Born: 1888, Ipswich.
Died: 17th November 1918; age 30. Died of Pneumonia at the 84th General Hospital. Served 10 years and 216 days.
Residence: 2, Cemetery Road, Ipswich.
Occupation: a Fitter at Ransome, Sims & Jefferies – Orwell Works.
Enlistment Details: 1908, age 19 years & 11 months, Address: 2, Cemetery Road, Ipswich. Height: 5ft 6ins.
Date of Entry Therein: 5th April 1915 – Balkans.
Promoted to Corporal – July 1914.
Promoted to Sergeant – February 1916.
Wounded in action – shell shock 7th August 1915.
Rank: Sergeant; Service Number: 473005
Regiment: Royal Army Medical Corps.
Medals Awarded: Victory, British War & 1915 Star + the Territorial Efficiency Medal.
VIII. A. 2.
Tanzania Dar Es Salaam – March 1918 – Frederick seated 2nd right.
Relatives Notified and Address: Son of William and Ellen Gould, of 2, Cemetery Road, Ipswich.
1891 2, Cemetery Road, Ipswich.
Frederick was 3 years old and living with his parents & siblings
William Gould, 36, a Plumber & Gas Fitter; born Ipswich, Suffolk.
Ellen Gould (nee Funnell), 35; born Thetford, Suffolk.
Ellen Louisa Gould, 14, born Ipswich.
William Josiah Gould, 11, born Ipswich.
Eva May Gould, 6, born Ipswich.
Ethel Blanche Gould, 5, born Ipswich.
Stanley Arthur Gould, 1, born Ipswich.
1901 2, Cemetery Road, Ipswich.
Frederick was 12 years old and living with his parents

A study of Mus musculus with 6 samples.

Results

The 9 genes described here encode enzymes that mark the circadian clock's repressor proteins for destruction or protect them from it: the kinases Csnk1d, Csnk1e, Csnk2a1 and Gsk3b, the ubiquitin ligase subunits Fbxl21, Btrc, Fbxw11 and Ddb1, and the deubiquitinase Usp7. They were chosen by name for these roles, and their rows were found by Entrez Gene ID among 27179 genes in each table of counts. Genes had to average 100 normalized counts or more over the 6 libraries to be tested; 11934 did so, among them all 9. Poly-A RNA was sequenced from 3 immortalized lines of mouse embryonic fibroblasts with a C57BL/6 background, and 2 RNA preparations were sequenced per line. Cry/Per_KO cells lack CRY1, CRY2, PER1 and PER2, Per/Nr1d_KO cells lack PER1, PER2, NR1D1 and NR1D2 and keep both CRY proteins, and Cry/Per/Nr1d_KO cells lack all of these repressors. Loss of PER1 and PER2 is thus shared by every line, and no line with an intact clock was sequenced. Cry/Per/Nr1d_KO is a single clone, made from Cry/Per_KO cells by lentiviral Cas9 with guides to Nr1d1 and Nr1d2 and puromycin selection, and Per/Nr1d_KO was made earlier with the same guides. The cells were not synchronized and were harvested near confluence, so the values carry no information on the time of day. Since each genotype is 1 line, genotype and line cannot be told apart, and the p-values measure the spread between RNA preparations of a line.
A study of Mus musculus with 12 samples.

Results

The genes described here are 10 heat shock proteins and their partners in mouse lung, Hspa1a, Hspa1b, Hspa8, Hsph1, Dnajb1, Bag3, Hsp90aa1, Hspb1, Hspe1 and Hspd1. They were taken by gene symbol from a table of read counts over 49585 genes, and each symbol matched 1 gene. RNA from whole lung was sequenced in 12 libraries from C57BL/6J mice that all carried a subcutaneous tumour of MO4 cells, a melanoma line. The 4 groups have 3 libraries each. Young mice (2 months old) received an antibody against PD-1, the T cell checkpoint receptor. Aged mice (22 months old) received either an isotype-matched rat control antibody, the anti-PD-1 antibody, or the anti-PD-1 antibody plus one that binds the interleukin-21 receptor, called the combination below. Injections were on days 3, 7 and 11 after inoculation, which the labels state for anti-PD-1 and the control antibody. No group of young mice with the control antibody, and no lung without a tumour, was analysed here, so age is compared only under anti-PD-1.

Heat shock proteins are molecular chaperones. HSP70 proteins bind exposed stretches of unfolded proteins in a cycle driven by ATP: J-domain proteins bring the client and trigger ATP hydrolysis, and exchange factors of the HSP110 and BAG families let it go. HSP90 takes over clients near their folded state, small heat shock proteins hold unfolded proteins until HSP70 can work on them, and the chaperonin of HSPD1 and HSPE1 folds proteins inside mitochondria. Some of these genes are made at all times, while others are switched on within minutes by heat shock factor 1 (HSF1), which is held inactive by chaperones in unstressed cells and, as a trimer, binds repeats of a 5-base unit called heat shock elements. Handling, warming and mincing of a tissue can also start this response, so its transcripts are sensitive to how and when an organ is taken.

William, 46, a Plumber & Gas Fitter.
William, 21, a Plummer & Gas Fitter.
Gertrude Hilda Gould, 7, born Ipswich.
Mabel Bertha Gould, 5, born Ipswich.
Elsie Alice Gould, 3, born Ipswich.
1911 2, Cemetery Road, Ipswich.
Frederick was 22 and a Gas Fitter, he was living with his parents & siblings.
William, 56, a Gas Fitter.
Ethel, 24, a Mother’s Help.
Stanley, 21, a Shop Fitter for a Builder.
Gertrude, 16, an Assistant Laboratory Mistress at a Municipal School.
Mabel, 15, a Tailoress.
1914 – Frederick and Stanley Gould (brother) RAMC
Parents William and Ellen. Seated on the ground Ethel Gould (sister) May Lily Catchpole (Stanley’s Fiancé)
(possibly Christchurch Park)
William Gould received the Territorial Efficiency Medal for his late son on the 21st December 1922.
The Royal Army Medical Corps (RAMC) is part of the British Army providing medical services to all British Army personnel and their families in war and in peace. Together with the Royal Army Veterinary Corps, the Royal Army Dental Corps and Queen Alexandra’s Royal Army Nursing Corps, the RAMC forms the British Army’s essential Army Medical Services. In combat the men followed the troops over the top into no man’s land suffering losses of 743 officers and 6130 soldiers killed, while delivering medical care to wounded exposed to enemy fire.
A big thank you to Liz, who travelled from Kent to share Frederick’s story.
This picture was taken at St. Margaret’s Church in front of their war memorial.